Two weeks ago our longtime client Olmsted Center for Sight (formerly the lengthily-named Elizabeth Pierce Olmsted, M.D. Center for the Visually Impaired) held a benefit dinner titled “Dining in the Dark.” The concept was quite simple and given away by its name — attendees would enjoy a meal in total darkness. Not only did my company co-sponsor the event, I attended it and had the pleasure of dining with Olmsted's president.
The meal started off with wine and salad, which you were allowed to eat in light. Then we were presented with bibs and blindfolds, and the lighting was turned down to just the candles on the table (the servers needed to see, after all). And so in darkness we set upon the main course followed by the dessert course and wrapped up with coffee service. During the main course an Olmsted representative guided us through techniques to get the lay of the land, identify foods, cut meat, find drinks and so on. I ignored all this and dove in with my characteristic nonchalance about my meal and found myself stymied by the simplest things — it takes a couple tries to realize your knife is upside down and that you are cutting with the blunt edge and not the sharp edge.
I have spent over a decade working with Olmsted Center for Sight. I have had the opportunity to see how its clientele/constituency uses computers and surfs the web. I have attended seminars, spoken at events, been a part of lawmaking discussions, implemented software and web sites, all in my time consulting with Olmsted. I have been working with low-vision and blind users for most of my professional career, but nearly always in the form of technology. Though I had some time running concerts for thousands of attendees and making sure outdoor and non-standard venues were handicapped accessible, this dinner afforded the chance for me to experience some of the day-to-day tasks that I take for granted, but this time without sight.
This post may seem to be a little outside of my generally technical discussions here, but I believe that experiences like this are important for anybody who cares about inclusive design or accessibility. Some day everyone reading this will have reduced vision, mobility, hearing, and so on. Learning now how to design and build to support those changes serves to position future generations of developers to design and build to support the future you. That's just a good investment in your long term well-being.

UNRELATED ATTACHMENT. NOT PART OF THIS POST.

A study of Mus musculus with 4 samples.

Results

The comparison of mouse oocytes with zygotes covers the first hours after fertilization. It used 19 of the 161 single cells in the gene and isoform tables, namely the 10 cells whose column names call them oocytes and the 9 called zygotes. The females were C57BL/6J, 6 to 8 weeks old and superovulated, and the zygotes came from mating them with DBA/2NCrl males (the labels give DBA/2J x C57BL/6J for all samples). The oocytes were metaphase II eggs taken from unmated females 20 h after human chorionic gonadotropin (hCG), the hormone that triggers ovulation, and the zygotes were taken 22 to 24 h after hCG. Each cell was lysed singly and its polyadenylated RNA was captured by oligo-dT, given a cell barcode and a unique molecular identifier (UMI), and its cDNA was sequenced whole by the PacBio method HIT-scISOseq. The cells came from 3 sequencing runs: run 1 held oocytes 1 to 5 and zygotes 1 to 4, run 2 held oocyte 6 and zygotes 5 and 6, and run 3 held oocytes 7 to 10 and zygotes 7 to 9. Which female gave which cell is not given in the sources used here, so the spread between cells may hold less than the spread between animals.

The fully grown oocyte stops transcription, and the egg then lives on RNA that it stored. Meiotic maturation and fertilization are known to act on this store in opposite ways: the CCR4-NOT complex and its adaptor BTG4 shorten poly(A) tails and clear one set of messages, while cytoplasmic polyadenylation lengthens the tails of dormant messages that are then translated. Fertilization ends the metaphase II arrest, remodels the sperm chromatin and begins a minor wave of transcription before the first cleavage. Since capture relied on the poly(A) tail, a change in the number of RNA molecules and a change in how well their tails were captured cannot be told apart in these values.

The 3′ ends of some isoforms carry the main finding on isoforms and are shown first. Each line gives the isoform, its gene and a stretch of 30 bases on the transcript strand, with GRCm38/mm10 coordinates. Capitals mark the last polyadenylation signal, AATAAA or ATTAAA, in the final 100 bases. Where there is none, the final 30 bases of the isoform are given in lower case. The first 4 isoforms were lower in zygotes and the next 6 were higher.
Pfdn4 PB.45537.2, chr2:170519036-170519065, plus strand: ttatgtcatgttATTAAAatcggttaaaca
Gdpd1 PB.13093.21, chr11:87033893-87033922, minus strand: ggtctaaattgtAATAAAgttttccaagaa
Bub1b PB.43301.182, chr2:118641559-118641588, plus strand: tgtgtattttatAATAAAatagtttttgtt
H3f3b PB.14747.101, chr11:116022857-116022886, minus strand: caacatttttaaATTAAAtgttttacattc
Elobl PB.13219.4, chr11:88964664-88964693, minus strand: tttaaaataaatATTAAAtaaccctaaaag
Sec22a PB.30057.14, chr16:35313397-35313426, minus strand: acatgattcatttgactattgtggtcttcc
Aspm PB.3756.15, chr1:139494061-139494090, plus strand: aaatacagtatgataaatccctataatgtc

Consider spending an hour blindfolded and try to do a mundane task like get dressed, eat a meal, or even use the web to look up a menu on a web site (you've already seen me rant about how awful that experience is for average users). Consider limiting your movement, restricting yourself to a chair, putting in earplugs, and so on. You may find your get far more insight into daily life as well as software and web development than you expected.
If you're still reading and also care about accessibility, then in keeping with the low vision theme of this post here are some resources to use when developing sites for the blind. This is not an exhaustive list by any means, but there are links to many others within.
- Screen reader demos, research and resources by Alistair Duggin. Written the day after my dinner.
- Web Accessibility Toolbar 2012 from The Paciello Group. A handy resource to validate and review any page you are viewing.
- The NonVisual Desktop Access (NVDA) screen reader (MS WIndows) is a free resource (for which you should donate) that can help you understand how a site is "heard" by a blind user.
This handy video shows you how blind people use the iPhone 4S. It's worth a couple minutes of your time.
This link isn't a resource, instead it's a story of a police department using its forensic techniques to help save 26 pages of hand-written content after the blind writer's pen ran out of ink.